WESLEY CHAPEL, Fla. — BayCare announced it received approval from the Agency for Health Care Administration to build a 60-bed hospital along the I-75 corridor.
- New BayCare hospital to be built along I-75 corridor
- Hospital to be a full-service faciltiy with a 24-hour ER
- Hospital to treat primary and secondary patients
“Pasco County is one of the fastest-growing areas in the communities we serve, and we’re always looking for opportunities where we can serve the community even better,” said BayCare President & CEO Tommy Inzina.
According to BayCare’s certificate of need application, data from Claritas shows current population in what would be the hospital’s service area is estimated at 174,865. That’s expected to grow by more than 16,000, or an increase of 9.4 percent, within the next five years. The 65+ age cohort, a group whose inpatient use rates are two to three times higher than the total population, is expected to see the highest growth.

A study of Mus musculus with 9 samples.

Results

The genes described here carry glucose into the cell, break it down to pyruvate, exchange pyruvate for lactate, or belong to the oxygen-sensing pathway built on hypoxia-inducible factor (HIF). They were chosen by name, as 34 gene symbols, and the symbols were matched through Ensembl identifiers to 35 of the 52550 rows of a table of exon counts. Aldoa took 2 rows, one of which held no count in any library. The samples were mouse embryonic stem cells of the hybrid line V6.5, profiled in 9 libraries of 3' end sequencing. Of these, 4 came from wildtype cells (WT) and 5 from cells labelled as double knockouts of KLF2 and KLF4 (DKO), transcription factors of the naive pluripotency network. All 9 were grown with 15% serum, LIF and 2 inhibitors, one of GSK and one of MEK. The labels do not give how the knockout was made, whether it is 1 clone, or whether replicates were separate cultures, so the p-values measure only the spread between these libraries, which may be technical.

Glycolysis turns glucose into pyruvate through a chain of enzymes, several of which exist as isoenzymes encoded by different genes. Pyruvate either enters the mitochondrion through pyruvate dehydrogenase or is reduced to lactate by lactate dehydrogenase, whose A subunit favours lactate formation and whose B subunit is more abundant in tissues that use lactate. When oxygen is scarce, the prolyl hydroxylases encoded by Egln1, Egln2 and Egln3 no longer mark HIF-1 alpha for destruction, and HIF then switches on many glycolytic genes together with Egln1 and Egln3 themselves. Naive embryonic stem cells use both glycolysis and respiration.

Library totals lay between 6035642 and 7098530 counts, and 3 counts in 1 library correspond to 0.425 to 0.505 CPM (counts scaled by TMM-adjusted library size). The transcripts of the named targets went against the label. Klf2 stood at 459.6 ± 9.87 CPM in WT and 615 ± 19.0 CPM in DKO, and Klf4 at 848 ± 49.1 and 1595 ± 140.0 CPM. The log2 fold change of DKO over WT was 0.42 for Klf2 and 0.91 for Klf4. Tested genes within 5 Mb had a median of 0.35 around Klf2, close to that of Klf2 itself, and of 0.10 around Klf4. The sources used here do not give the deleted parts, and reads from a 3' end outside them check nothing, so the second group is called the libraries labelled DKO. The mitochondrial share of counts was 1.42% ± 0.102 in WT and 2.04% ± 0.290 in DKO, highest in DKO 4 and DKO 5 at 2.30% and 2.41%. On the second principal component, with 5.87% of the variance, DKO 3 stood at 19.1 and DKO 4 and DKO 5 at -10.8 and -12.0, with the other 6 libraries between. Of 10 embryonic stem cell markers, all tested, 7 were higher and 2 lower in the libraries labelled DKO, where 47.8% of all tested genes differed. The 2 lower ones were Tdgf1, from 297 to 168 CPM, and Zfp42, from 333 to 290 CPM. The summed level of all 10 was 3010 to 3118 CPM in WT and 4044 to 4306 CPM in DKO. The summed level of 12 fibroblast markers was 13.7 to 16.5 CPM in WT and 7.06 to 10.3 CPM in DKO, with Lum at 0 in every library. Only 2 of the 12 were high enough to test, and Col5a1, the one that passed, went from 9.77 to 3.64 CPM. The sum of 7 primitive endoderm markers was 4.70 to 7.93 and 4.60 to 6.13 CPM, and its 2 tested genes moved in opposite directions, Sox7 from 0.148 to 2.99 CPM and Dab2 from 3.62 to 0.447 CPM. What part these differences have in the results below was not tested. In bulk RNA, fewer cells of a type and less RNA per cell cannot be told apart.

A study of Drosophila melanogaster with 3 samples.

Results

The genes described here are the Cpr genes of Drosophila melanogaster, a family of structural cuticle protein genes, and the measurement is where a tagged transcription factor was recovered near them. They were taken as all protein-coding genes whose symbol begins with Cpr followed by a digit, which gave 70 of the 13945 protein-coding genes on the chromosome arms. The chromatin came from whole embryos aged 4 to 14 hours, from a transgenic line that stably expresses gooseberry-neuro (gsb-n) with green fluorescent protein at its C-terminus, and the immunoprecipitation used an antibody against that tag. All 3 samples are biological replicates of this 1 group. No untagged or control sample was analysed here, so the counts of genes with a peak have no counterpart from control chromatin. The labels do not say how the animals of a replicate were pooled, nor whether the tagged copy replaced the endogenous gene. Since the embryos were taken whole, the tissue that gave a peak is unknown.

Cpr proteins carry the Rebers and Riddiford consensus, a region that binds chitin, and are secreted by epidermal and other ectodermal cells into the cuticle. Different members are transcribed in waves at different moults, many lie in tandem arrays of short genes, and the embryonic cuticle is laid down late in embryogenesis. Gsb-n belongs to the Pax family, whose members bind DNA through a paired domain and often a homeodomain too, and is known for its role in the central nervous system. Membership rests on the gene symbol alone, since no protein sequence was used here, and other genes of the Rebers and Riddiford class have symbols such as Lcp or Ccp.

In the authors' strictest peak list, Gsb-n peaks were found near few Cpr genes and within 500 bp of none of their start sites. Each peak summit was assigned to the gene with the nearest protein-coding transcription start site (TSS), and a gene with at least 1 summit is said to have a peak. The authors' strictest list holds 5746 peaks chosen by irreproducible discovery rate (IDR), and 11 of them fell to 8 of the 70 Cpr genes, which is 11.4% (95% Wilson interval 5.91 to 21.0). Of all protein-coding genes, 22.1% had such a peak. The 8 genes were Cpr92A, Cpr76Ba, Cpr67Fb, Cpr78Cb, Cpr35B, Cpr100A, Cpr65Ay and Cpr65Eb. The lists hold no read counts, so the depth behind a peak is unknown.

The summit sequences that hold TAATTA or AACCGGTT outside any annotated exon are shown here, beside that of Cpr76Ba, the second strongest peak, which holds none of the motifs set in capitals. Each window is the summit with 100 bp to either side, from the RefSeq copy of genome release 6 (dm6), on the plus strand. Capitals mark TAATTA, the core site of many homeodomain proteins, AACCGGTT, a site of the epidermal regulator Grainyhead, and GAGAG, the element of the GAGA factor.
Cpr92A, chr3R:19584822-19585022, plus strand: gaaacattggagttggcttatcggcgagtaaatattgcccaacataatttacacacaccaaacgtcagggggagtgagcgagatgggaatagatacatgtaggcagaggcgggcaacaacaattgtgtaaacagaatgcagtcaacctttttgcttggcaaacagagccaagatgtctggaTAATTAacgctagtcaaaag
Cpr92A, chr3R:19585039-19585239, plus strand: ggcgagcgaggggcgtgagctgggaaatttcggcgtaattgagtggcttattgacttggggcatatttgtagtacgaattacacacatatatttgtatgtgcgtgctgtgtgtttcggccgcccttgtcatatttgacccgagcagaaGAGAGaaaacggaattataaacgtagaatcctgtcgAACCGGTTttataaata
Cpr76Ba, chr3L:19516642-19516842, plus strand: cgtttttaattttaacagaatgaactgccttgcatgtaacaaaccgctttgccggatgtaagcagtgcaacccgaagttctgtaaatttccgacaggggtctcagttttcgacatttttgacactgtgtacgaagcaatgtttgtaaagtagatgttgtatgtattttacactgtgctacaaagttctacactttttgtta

The new hospital would be built northeast of where I-75 meets Overpass Rd. Inzina said it will be a full-service facility with a 24-hour emergency room and will treat primary and secondary level patients. The CON notes BayCare’s commitment to bring at least six new primary care practitioners to the hospital by its third year of operation.
“It will start out small, and as a small hospital, we don’t envision it would be a trauma center and we wouldn’t do some of the more complex services, such as open heart surgery,” Inzina said.
Construction is expected to create 300 jobs, while another 300 permanent positions are expected to be created by the hosptial’s second year.
“Well, certainly on the eastern side of the county, it’s going to help our overall response times because the response to the hospital’s going to be much shorter,” said Pasco County Fire Rescue Chief Scott Cassin.
Cassin said PCFR’s EMS crews respond to 50,000 calls every year, and a new facility in this location could help manage that volume.
“During the peak hours, we have times where some of our ambulances will be backing up at the hospitals because they can only take so much at a time. Then that causes the whole system to back up,” Cassin said.
A BayCare spokesperson said if there are no challenges to the AHCA’s preliminary approval within 21 days of its publication in the Florida Administration Register on January 2, plans can move forward.
Inzina said it could be anywhere from three to five years before the hospital opens its doors.